As editor of Small Market Meetings, I got to visit a lot of what are termed second-tier cities: basically, any city that isn’t New York, Chicago, Las Vegas or one of the other top-20 metropolitan areas.
I quickly learned that “second tier” does not mean second-rate. Take, for example, Little Rock, Arkansas, where the Small Market Meetings Conference returns this fall for the second time in five years. Little Rock wowed us. When we were there for the first conference in 2011, we stayed downtown in what was then the Peabody Hotel, now the Little Rock Marriott, and though the walk through connecting corridors to the city’s convention center seemed long when you were running late, it was convenient and climate controlled. After a day indoors, there were plenty of paths to take along and across the Arkansas River and so many bridges that you would walk over on one and back on another. If you weren’t up to a walk, trolleys whisked you where you wanted to go. Across the street from the Peabody, the Capital Hotel won the hearts of meeting planners for being smart, sassy and comfortably fancy — a good place for a small upscale meeting.
My travels left me with a soft spot for smaller cities. I visited them as a meeting planner would: CVB salespeople showed me hotels, meeting venues and off-site event possibilities.
Two of my favorites were quite different from one another. In Roanoke, Virginia, I stayed in a conference hotel several miles from downtown, so I experienced what it was like to be shuttled downtown, where a lot of meetings are held at the historic Hotel Roanoke and Conference Center, now a Doubletree by Hilton. Downtown was where any meeting-goer would want to be in this Blue Ridge Mountain destination, what with Roanoke’s year-round farmers market, where vendors set up beneath awnings along sidewalks, and magnetic local shops and restaurants that draw visitors and locals alike.
When I visited Huntsville, Alabama, about seven years ago, a Westin Hotel had just opened in a new shopping development near the U.S. Space and Rocket Center, Alabama’s No. 1 tourist attraction. Between the Westin and downtown, the Huntsville Botanical Garden and the space center wowed me with off-site event potential. The space center also had a full-service Marriott hotel within a stone’s throw, and when I was there, it was — no surprise — busy with a scientific conference.
But again, downtown Huntsville was where charm lived. Within sight of the Embassy Suites, the only decent hotel downtown at the time, was the Von Braun Center, a convention and sports complex; the Huntsville Art Museum, which has been expanded since I was there; and a beautiful park and lake. The city’s downtown restaurant scene was just heating up.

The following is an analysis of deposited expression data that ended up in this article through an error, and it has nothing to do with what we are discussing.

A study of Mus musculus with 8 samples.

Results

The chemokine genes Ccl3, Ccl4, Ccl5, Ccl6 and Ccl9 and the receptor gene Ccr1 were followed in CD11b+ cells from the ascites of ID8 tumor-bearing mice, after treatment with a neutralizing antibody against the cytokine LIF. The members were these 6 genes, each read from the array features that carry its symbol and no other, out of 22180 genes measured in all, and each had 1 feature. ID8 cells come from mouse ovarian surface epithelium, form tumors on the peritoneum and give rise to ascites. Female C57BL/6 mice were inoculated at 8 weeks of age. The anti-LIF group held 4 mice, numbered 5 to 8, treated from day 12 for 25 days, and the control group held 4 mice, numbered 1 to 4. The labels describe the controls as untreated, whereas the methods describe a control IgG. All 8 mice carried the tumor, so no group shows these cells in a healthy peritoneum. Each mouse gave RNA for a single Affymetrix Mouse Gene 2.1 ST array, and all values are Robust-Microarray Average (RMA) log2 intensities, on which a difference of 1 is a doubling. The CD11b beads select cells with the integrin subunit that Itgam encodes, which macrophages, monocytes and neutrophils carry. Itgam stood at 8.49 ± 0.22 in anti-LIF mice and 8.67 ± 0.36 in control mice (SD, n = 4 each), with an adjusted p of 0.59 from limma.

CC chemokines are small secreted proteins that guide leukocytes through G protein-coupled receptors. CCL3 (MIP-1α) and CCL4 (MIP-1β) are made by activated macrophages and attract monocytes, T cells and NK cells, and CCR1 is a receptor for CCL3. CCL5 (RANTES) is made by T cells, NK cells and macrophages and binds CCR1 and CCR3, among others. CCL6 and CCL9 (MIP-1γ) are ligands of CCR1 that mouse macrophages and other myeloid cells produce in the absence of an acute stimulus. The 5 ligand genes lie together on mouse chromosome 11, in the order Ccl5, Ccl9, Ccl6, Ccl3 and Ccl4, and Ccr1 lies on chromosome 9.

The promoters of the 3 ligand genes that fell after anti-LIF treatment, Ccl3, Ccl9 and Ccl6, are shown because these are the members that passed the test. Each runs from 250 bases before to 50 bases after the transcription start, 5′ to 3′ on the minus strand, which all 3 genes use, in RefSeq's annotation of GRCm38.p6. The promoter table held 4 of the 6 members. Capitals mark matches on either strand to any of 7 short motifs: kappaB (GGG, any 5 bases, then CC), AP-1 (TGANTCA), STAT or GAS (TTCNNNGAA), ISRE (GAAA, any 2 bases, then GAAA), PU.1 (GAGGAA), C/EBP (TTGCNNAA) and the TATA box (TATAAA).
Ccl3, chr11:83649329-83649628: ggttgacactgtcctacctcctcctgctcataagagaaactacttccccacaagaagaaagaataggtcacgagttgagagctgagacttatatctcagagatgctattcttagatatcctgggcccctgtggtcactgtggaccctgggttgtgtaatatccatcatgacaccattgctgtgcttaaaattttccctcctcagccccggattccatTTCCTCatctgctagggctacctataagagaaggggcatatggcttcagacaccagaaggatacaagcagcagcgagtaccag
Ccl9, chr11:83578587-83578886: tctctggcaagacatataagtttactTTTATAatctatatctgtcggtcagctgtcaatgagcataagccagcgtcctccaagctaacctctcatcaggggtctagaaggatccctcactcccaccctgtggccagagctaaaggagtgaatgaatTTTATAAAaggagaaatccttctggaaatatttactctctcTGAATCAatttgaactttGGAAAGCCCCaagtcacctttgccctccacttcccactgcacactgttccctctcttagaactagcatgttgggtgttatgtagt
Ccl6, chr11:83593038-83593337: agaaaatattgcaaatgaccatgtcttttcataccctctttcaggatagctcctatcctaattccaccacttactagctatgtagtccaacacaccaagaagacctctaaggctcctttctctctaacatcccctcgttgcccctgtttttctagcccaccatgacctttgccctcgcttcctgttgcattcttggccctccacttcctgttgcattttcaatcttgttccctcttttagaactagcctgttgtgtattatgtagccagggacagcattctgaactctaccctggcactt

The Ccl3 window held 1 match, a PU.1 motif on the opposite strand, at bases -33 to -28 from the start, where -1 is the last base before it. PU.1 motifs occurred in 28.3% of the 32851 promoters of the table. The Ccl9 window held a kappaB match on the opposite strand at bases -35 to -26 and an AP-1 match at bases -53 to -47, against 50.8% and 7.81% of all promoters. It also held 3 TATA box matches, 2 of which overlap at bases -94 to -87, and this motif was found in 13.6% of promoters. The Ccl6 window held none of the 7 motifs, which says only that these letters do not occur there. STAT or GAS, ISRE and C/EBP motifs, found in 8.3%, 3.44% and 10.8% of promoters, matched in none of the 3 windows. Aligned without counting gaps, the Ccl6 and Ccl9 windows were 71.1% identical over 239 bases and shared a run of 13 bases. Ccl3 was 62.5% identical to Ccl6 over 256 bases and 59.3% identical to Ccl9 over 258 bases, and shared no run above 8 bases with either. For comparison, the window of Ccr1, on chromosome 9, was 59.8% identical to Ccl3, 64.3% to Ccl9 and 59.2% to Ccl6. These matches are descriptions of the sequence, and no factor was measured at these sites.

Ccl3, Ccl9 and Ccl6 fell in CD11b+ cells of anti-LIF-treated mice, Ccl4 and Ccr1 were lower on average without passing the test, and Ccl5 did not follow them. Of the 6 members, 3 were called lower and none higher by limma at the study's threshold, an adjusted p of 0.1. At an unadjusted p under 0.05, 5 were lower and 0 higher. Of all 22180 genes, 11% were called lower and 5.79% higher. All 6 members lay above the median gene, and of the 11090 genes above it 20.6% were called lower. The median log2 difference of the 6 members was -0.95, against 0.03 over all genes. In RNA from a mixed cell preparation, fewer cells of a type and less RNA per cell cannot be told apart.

Things have only gotten better in Huntsville and Roanoke and many of the other second-tier cities I visited. Since my visits, food trucks have come to the fore, and both Roanoke and Huntsville are on board with this culinary trend. News just broke in June that Huntsville will be the site of Alabama’s first food-truck park. Unlike other major Alabama towns, Huntsville has continued to grow, and it will soon welcome big-name stores Cabela’s and Whole Foods, as well as a couple of arcade bars, throwbacks to the days of pinball wizards.
Brewing has also gotten big, and Roanoke is on tap in that regard, with seven local breweries that are part of the Blue Ridge Beerway. Center on the Square, a museum and theater complex that was being revitalized when I was there, has since reopened, offering a natural venue for events within an easy walk of hotels.
Both downtowns, which had limited accommodations downtown during my visit, are getting a boost in that department as well. This fall, a 120-room Hampton Inn will open on top of a new parking garage in the middle of Roanoke’s downtown. A sad-sack Holiday Inn that sat next to the Embassy Suites in Huntsville is gone, and its site is slated for new development, which will include a small upscale hotel such as a Hotel Indigo.
What I’m reading in the national press and what I’m hearing from friends and colleagues makes me hopeful that second-tier cities like Little Rock, Huntsville and Roanoke are finally getting their due. Friends on a cross-country trip texted from two places that are familiar to me but that I have never had the pleasure of visiting: Grand Junction, Colorado, and Lawrence, Kansas. “We love these places,” they said. Ditto, I say.